Birmingham Rep Studio


If life and relationships were not already full of tension and complexity, Jon Brittain manages to create a ball of woolly problems that’s bound so tightly it can only be accepted and never undone.

In this smart and highly charged comedy it’s the typical girl/girl relationship that threatens to become the typical boy/girl relationship. It also features someone who manages to be an ex-lover, friend to Alice and a brother to his sister or is that his brother?

When you strip back this rich top layer of gender and sexuality, what remains underneath is a powerful story of love, surviving radical personal change.

So, Alice and Fiona have lived together in Rotterdam for seven years. Fiona yearns to return to England but Alice is hiding out there from her family still unable to tell her parents she is gay. It’s New Year’s Eve and she is again reluctant to send the crucial `coming out’ email and face their reactions.

Fiona though has a `coming out’ bombshell to drop on Alice in that is she has decided she wants to transition to a man. A first it’s all a bit comical with the witty dialogue flowing well into sit com territory. However as the reality of this news sinks in and gets to acted upon, the once cosy setting of their trendy flat is now the backdrop to fierce arguments and heartbroken despair.

While Alice struggles with her beloved Fiona, literally changing in front of her to someone called Adrian, Fiona now resents and has anger for a world that simply still sees her as a woman in men’s clothes.

Her increasing frustration pushes her partner Alice into the romantic light of Lelani a fellow co-worker. If all this was not complicated enough they have Alice’s previous boyfriend staying with them. He, of course, just happens to be Fiona’s sister and she of course is soon to be his brother. This final layer adds a unique perspective to Brittain’s observations. Is Alice straight or still gay? Is Fiona now the man she left Josh for and is Fiona now just one of the lads?


Lucy Jane Parkinson

Lucy Jane Parkinson as Fiona/Adrian delivered the kind of performance that is rare to see on the stage these days. As a non-Binary performer she clearly has a personal vested interest in her character, a possibility that makes her arguments and eventual emotional breakdown both compelling and highly moving.

Her fierce exchanges with Alice seem unscripted, yet even at the top of her screaming voice she never loses focus with Brittain’s razor sharp insight into the depth of their loss and passion. Parkinson does such a convincing job as the girl wanting to be the boy, that when Alice leaves her she is left alone and appears drag-like as she desperately tries on a dress and heels as she totters about now a drunken, broken and emotional mess.

It’s such a great performance that you feel the pain and no matter how she got there or how complex the path was, the desperation translates powerfully to the audience.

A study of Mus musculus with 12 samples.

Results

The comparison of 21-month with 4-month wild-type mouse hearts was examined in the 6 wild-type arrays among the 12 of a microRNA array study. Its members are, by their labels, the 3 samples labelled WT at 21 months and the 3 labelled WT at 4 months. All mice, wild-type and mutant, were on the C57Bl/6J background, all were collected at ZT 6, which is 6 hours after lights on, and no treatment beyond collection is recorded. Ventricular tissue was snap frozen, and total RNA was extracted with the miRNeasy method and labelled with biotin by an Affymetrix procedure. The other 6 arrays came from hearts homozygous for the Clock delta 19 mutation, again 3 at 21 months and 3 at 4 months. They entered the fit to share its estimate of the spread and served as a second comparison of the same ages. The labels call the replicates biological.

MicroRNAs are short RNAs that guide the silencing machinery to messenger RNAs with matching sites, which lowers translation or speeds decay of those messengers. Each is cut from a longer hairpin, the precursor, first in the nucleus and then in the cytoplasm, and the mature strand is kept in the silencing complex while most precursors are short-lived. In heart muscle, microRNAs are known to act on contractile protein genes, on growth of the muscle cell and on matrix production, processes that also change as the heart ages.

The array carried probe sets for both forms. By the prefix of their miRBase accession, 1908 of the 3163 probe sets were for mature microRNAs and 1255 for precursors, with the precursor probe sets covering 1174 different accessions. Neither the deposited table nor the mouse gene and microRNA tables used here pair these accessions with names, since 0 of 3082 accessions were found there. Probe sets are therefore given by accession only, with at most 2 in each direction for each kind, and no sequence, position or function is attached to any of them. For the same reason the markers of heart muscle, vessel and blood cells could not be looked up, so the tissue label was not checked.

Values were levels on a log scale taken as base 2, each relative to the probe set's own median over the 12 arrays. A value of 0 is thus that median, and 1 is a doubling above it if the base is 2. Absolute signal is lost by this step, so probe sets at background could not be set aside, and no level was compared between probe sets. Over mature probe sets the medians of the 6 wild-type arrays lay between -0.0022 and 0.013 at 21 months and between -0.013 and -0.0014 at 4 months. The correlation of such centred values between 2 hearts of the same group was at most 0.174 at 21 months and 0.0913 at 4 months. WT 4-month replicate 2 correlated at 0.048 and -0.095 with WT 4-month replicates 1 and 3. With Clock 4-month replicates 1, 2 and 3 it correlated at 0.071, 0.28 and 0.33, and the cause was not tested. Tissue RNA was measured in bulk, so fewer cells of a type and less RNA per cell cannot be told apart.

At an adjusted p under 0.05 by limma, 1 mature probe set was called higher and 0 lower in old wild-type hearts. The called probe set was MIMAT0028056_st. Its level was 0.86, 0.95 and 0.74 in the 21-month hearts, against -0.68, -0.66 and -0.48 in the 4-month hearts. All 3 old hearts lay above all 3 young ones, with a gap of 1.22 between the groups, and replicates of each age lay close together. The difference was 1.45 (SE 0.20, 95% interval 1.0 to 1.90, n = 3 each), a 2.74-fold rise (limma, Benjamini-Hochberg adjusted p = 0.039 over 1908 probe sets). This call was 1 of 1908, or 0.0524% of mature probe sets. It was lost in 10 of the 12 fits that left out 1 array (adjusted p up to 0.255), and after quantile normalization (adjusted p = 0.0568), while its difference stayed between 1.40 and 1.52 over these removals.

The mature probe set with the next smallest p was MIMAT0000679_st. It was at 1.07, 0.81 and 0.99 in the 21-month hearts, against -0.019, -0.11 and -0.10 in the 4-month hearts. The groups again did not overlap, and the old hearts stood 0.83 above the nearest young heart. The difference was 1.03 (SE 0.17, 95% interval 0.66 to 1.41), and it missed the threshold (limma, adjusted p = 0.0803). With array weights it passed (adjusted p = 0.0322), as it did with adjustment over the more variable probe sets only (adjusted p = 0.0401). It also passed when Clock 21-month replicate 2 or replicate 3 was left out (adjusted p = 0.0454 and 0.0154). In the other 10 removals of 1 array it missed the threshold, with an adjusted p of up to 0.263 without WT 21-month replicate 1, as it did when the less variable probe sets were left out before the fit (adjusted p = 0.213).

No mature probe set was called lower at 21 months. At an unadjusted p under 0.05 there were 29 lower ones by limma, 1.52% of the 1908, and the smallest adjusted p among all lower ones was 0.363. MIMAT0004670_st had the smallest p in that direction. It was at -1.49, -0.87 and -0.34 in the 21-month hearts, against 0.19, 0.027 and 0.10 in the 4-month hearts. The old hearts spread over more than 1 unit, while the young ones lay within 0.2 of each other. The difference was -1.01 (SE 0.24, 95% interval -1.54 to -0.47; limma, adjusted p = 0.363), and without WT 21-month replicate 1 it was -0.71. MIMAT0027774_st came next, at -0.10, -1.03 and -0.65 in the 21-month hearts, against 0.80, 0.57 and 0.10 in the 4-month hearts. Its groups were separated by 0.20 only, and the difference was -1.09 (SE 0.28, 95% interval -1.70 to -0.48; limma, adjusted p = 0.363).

Alice played by Rebecca Banatvala, is also full of emotional contradictions. Is the woman she loves now a man, so does that make her straight? Alice is shown to be somewhat of a coward, seemingly aloof and in control but constantly needing the affirmation of everyone around her to support and provide security, no matter how complex her attachments have become.

Banatvala certainly was equal to the speed and velocity of the arguments and her relationship to Fiona were perfectly balanced and again the focus on the subject was never lost in the heated exchanges.

Faced with change, Alice begins a friendship with the wild and trendy Lelani played by Stella Taylor. Lelani is the free young spirit that easily lures Alice into liberal abandonment and eventually her bed, while the tension rises at home. As the other woman and temptress she represents any attractive vice that distracts someone from facing their difficulty home life issues and the tensions that lie therein.

Finally there’s Paul Heath as Josh. Having lost Alice to his sister, Josh is like a lost puppy that has followed them to Rotterdam and hung around for seven years. Heath maintained the anchor point for reason in the intricate relationship web and although the central action takes place with his ex and his sister, his character provides some clarity to the emotional mess.

For anyone who is simply inert and sneers at the issues raised and trauma of those facing transition, this play offers the first real inspection of the subject and is both an amusing yet deeply painful observation. There is no preaching or parading of the cause here, you are just left to witness two people sadly heading into emotional breakdown and what could simply be more human than that. To 22-05-19

Jeff Grant


Rotterdam moves on to Malvern Theatres 23-25 May.